If you are of the opinion that Pakistan is one of the most corrupt countries in the world, you are correct. Opining that corruption is a part of the Pakistani way of life would not be untrue either. However, if you think that it was Pakistanis who started corruption and gave birth to the concept, you are terribly wrong.
It was the British who introduced the sub-continent to corruption
Although corruption might prevail in the sub-continent higher than anywhere else, it was brought upon us, the people of Indian and Pakistan, by the British. The same people who have always stayed away from corruption and/or nepotistic ways. When the East India Company came to the sub-continent, they arrived merely as traders, who wanted to gain financially, just as the Dutch and the Portuguese had.
However, the mission and its ways soon changed, mostly after the arrival of Sir Robert Clive who was later to be the Governor General of Bengal. After defeating Siraj-ud-Daula in the Battle of Plassey, the British strengthened their feet on the firm ground we stand on today. After Robert Clive returned to India as the Governor General of Bengal, he introduced a dual-governance system. A system, which was to be the base of the free flow of corruption in the sub-continent for the years to come.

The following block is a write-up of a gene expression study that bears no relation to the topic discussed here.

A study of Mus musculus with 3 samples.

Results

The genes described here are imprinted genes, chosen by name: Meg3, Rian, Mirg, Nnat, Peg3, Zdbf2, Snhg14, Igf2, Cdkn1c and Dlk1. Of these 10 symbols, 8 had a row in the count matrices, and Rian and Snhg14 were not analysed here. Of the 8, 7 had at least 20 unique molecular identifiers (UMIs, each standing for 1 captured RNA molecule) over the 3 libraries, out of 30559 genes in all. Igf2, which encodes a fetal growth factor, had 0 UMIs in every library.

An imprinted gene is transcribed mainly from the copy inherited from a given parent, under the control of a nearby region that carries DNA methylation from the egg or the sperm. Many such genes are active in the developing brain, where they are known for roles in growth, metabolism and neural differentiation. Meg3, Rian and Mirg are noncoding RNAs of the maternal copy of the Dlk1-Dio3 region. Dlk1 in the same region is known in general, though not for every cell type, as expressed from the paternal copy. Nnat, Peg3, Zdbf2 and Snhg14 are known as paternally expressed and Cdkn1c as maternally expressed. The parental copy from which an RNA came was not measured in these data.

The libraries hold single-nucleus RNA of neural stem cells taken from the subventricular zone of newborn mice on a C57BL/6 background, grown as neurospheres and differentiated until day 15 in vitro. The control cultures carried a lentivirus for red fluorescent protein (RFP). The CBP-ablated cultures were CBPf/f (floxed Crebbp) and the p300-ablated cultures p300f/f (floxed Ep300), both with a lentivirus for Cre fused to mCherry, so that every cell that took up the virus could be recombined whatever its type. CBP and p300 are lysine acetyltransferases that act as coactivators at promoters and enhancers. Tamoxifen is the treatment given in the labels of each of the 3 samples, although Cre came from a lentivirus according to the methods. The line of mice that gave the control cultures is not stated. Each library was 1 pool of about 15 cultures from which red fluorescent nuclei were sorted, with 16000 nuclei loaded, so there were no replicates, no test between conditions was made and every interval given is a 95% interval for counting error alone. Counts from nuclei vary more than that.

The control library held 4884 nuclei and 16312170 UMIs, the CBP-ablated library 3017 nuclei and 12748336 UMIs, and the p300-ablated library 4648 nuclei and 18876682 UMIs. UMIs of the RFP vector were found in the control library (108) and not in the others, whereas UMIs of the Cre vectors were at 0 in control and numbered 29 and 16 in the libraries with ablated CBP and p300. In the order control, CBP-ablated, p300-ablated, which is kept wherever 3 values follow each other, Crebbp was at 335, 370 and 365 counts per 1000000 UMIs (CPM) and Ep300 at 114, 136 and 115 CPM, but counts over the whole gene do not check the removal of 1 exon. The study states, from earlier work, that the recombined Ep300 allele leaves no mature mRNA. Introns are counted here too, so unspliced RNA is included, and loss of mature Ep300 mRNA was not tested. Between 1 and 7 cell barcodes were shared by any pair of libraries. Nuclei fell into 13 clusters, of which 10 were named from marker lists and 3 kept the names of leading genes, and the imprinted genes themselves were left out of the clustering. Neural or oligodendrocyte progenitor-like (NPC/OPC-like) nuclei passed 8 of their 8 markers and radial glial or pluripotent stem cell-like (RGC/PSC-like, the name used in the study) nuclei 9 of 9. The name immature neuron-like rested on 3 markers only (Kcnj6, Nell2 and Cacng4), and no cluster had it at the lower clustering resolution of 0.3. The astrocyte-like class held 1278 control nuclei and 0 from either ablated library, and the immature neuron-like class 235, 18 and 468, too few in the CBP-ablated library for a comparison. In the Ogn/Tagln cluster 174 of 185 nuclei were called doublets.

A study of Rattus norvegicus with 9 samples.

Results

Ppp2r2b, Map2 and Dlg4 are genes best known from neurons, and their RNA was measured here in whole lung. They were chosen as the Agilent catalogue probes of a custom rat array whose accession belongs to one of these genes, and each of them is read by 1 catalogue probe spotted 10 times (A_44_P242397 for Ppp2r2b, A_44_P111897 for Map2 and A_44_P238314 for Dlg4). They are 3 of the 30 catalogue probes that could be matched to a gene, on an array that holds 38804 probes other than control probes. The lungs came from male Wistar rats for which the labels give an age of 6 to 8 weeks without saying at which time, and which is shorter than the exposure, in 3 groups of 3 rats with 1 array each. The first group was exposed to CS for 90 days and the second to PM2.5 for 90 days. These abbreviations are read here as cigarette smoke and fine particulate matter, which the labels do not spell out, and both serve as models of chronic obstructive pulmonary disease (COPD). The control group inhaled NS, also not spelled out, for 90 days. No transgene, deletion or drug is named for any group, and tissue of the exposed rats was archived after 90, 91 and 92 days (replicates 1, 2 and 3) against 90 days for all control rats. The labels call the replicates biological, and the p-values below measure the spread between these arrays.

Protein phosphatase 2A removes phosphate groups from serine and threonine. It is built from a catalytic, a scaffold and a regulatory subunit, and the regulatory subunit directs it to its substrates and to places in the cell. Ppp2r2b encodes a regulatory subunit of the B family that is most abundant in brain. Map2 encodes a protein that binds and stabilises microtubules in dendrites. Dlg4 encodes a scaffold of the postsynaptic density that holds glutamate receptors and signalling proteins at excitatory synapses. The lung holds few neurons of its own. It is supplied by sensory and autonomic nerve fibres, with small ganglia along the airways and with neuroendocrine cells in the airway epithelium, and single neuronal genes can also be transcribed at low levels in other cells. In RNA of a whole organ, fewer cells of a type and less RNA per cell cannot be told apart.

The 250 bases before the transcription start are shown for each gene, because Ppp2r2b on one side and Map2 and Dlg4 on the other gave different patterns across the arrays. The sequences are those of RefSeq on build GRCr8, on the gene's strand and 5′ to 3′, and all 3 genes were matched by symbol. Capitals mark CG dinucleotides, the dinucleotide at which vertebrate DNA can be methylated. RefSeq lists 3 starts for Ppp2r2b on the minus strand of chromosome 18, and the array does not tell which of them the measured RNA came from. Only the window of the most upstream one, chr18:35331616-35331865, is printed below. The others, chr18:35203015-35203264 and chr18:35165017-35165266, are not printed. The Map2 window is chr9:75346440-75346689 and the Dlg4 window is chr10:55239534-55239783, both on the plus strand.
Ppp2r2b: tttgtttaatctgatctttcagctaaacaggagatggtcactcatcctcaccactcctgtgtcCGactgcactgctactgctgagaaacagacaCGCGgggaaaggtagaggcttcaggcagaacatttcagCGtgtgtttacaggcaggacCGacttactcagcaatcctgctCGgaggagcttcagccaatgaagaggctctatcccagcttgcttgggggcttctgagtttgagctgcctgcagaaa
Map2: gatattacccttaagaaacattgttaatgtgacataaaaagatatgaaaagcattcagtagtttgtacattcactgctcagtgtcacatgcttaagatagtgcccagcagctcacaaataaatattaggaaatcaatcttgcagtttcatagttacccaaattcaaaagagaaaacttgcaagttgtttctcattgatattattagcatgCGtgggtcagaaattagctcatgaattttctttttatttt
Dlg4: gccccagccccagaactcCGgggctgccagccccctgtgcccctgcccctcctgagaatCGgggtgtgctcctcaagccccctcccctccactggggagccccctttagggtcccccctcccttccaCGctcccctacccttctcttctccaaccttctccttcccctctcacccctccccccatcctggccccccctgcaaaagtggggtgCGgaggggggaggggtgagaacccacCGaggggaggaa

The dual-governance system of Clive and the Chiattorer Monnontor
The dual-governance system meant that there would be two Diwani (revenue) collectors in the province of Bengal. One was to be a British appointed officer, while the other was to be a native. This meant that no matter how much corruption the British appointed officer carried out, the native officer of the Nawab’s court would have to bear the brunt for it. The British were in control of the administration of the province without any responsibility.
The result of this corrupt practice was horrific. In 1770, Bengal was hit with famine (also called the Chiattorer Monnontor), because everything the farmers sowed was taken away by the British, their goods, share of revenue, literally everything. The famine caused an estimated 10 million deaths in Bengal.
From English to Corruption, the British taught us everything
Today, the people of India and Pakistan wonder why their countries are so involved in corruption and sigh at why they aren’t more like Western countries or the British, where corruption is seen as the sinister most enemy of the State. It is to realize this fact that the British, who now portray themselves ideologically pure, were the ones who set the orgy of corruption onto our lands. They were the ones who initially taught us how to exploit the innocent for our own being financially.
From English to corruption, it was the British who taught us everything. We, the people of sub-continent, being easy impressionable in the face of a greater colonial power, forgot everything else other than these two things. We speak fluent English and we are the most corrupt people. From our peons to our Prime Minister, we’re all corrupt in one way or the other.
The only way we can get rid of this disease is to acknowledge the fact that though it wasn’t us who created this monster – which today we know as corruption – it is through our own efforts by which we’ll be able to eradicate it for good. Those who take steps to change it are one step closer to bettering the society they live in.